Monday, February 23, 2009

The Book of Negroes
Lawrence Hill - Doubleday, 486pp, £12.99

Review by Ian Thomson writing in The Spectator Australia 21 February 2009

The Book of Negroes, an historical romance, creates an unforgettably vivid picture of the Atlantic slave trade and the philanthropists who sought to oppose it. The novel opens in Africa in the year 1745. Aminata Diallo, a midwife’s daughter, has been abducted from her village in present-day Mali and marched in chains to a slave ship, where she is sold to white traders. In the course of the two-month voyage to America, she witnesses a violent shipboard slave revolt, yet is miraculously able to survive the Middle Passage, before reaching Carolina.

Plantation life in the American south, with its hierarchy of skin tones ranging from black to cinnamon to white, is precisely evoked by Lawrence Hill, himself a Canadian of mixed-race background. In pages of harrowing description, sugar merchants are seen to appraise their ‘cargo’ like cattle, prodding and poking orifices for signs of disease. Few in pre-independence America, let alone Britain, acknowledged that each sweet teaspoonful dissolved in tea was an added measure of black mortality.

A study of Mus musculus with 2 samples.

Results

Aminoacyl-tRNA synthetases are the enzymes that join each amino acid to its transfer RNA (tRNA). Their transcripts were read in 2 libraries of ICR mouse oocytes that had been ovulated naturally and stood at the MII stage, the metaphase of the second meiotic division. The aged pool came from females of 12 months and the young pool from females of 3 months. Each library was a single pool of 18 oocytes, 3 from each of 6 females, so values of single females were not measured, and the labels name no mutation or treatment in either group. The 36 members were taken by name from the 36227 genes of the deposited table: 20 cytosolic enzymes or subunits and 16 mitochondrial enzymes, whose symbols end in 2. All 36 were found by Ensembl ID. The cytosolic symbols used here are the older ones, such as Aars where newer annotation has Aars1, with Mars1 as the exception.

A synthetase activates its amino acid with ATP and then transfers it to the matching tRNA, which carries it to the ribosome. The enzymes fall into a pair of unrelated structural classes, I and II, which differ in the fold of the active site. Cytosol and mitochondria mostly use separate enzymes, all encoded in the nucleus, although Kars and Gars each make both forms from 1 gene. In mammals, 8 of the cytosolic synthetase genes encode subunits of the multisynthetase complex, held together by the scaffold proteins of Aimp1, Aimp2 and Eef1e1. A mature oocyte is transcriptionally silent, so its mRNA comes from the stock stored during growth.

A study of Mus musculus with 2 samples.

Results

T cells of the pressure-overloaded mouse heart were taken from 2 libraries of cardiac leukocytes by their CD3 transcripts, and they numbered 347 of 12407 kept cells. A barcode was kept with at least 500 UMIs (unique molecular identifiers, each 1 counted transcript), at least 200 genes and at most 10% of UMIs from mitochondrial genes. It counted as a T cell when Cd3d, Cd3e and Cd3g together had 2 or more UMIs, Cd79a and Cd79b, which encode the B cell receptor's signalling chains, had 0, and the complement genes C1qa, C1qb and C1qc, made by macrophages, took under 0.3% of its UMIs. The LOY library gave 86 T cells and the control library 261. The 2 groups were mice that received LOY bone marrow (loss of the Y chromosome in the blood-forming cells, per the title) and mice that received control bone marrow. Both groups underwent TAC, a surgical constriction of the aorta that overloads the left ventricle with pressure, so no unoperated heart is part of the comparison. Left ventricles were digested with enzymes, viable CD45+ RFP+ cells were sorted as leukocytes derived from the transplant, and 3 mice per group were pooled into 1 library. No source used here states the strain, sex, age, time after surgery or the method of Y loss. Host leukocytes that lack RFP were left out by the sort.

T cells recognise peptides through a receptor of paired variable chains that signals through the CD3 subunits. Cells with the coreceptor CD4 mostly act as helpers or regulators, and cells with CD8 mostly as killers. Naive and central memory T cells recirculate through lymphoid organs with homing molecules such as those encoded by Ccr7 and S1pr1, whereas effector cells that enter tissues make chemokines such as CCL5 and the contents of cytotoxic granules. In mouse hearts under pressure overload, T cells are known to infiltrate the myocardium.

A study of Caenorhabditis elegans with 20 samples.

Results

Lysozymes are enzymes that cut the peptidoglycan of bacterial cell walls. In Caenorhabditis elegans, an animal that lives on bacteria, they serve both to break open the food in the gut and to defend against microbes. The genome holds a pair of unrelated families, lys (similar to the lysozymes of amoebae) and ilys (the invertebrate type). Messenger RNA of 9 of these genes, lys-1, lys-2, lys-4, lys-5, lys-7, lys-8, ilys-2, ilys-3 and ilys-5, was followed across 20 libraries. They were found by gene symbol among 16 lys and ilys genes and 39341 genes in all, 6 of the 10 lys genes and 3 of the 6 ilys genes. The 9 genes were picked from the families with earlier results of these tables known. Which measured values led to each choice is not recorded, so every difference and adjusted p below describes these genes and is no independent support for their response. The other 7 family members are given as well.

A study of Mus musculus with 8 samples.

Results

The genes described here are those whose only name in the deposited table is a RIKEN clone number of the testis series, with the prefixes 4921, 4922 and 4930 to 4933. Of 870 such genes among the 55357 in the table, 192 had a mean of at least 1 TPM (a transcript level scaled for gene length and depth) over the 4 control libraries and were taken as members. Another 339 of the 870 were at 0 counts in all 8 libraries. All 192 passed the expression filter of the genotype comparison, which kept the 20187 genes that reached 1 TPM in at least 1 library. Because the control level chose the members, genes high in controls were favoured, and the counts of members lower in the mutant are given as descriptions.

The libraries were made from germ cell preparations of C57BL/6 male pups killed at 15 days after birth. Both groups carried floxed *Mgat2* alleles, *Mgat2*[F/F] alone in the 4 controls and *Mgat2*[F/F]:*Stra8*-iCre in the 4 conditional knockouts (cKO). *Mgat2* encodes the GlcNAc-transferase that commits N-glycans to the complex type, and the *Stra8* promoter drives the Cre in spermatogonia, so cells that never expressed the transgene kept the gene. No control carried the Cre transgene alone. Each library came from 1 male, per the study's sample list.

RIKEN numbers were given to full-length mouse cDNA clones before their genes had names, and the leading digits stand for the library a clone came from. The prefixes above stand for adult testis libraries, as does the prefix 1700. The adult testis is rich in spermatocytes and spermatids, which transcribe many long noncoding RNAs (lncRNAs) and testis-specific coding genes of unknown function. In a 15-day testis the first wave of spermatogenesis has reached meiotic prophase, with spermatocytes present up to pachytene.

Interestingly, ‘The Book of Negroes’ is an actual document. It was created by British naval officers in 1793, near the end of the American revolutionary war, in order to register some 3,000 African slaves in America who professed loyalty to the British crown. By becoming Loyalists, these Africans hoped to escape from New York to Canada, and eventually win their freedom. Aminata is among them.
Read Ian Thomson's full review online.


HarperCollins released it in Australia and New Zealand under the title, SOMEONE KNOWS MY NAME.